Rivista di Chirurgia Cardiaca, Vascolare e Toracica
Indexed/Abstracted in: BIOSIS Previews, Current Contents/Clinical Medicine, EMBASE, PubMed/MEDLINE, Science Citation Index Expanded (SciSearch), Scopus
The Journal of Cardiovascular Surgery 2001 Aprile;42(2):175-85
The Batista procedure. Theoretical analysis and clinical implications
Bridges C. R., Bogen D. *
From the Department of Surgery
*Department of Bioengineering University of Pennsylvania, Philadelphia, USA
Background. The Batista procedure leads to dramatic early improvement in left ventricular function in some patients and a worsening in function in others. The theoretical and actual clinical effects of the procedure on early postoperative left ventricular function remain controversial. The purpose of this study is to utilize an appropriate mathematical model to determine the effects of the Batista procedure on stroke volume and myocardial wall stress. Our hypothesis is that the preoperative end-systolic stress (σes) is an important predictor of early postoperative myocardial function after this procedure. A corollary is that an index related to σes may be useful in selecting patients for this procedure.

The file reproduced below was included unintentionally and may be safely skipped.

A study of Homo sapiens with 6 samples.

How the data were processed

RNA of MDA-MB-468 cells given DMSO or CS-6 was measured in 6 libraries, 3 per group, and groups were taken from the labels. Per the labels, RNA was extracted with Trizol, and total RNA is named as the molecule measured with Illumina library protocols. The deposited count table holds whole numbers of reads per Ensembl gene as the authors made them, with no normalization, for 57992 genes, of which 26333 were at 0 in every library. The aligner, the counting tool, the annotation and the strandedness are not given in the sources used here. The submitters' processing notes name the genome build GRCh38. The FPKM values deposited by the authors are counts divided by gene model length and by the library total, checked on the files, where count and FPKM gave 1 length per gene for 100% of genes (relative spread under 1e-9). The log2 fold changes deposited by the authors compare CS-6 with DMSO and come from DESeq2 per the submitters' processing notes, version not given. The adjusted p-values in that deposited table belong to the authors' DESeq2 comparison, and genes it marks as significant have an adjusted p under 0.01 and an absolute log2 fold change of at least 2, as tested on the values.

Methods. An analysis of the Batista procedure is developed, based upon a spherical membrane model of the ventricle. This model shows how ventricular dilatation distorts the systolic and diastolic pressure-volume relations.
Results. Dilatation initially improves ventricular performance; but further dilatation, beyond a critical value, produces an unstable state with sharply falling performance. For a ventricle operating significantly beyond the point of critical dilatation, our theoretical results suggest that the Batista procedure not only reduces myocardial stress but may improve stroke volume. The end-systolic stress, σes is an indicator of how close a ventricle is to the critical dilatation point.
Conclusions. There is a theoretical basis for the Batista procedure. Resection of myocardium not only decreases wall stress but may improve stroke volume for sufficiently dilated and depressed ventricles. Patients with markedly elevated end-systolic stress may benefit most from the Batista procedure.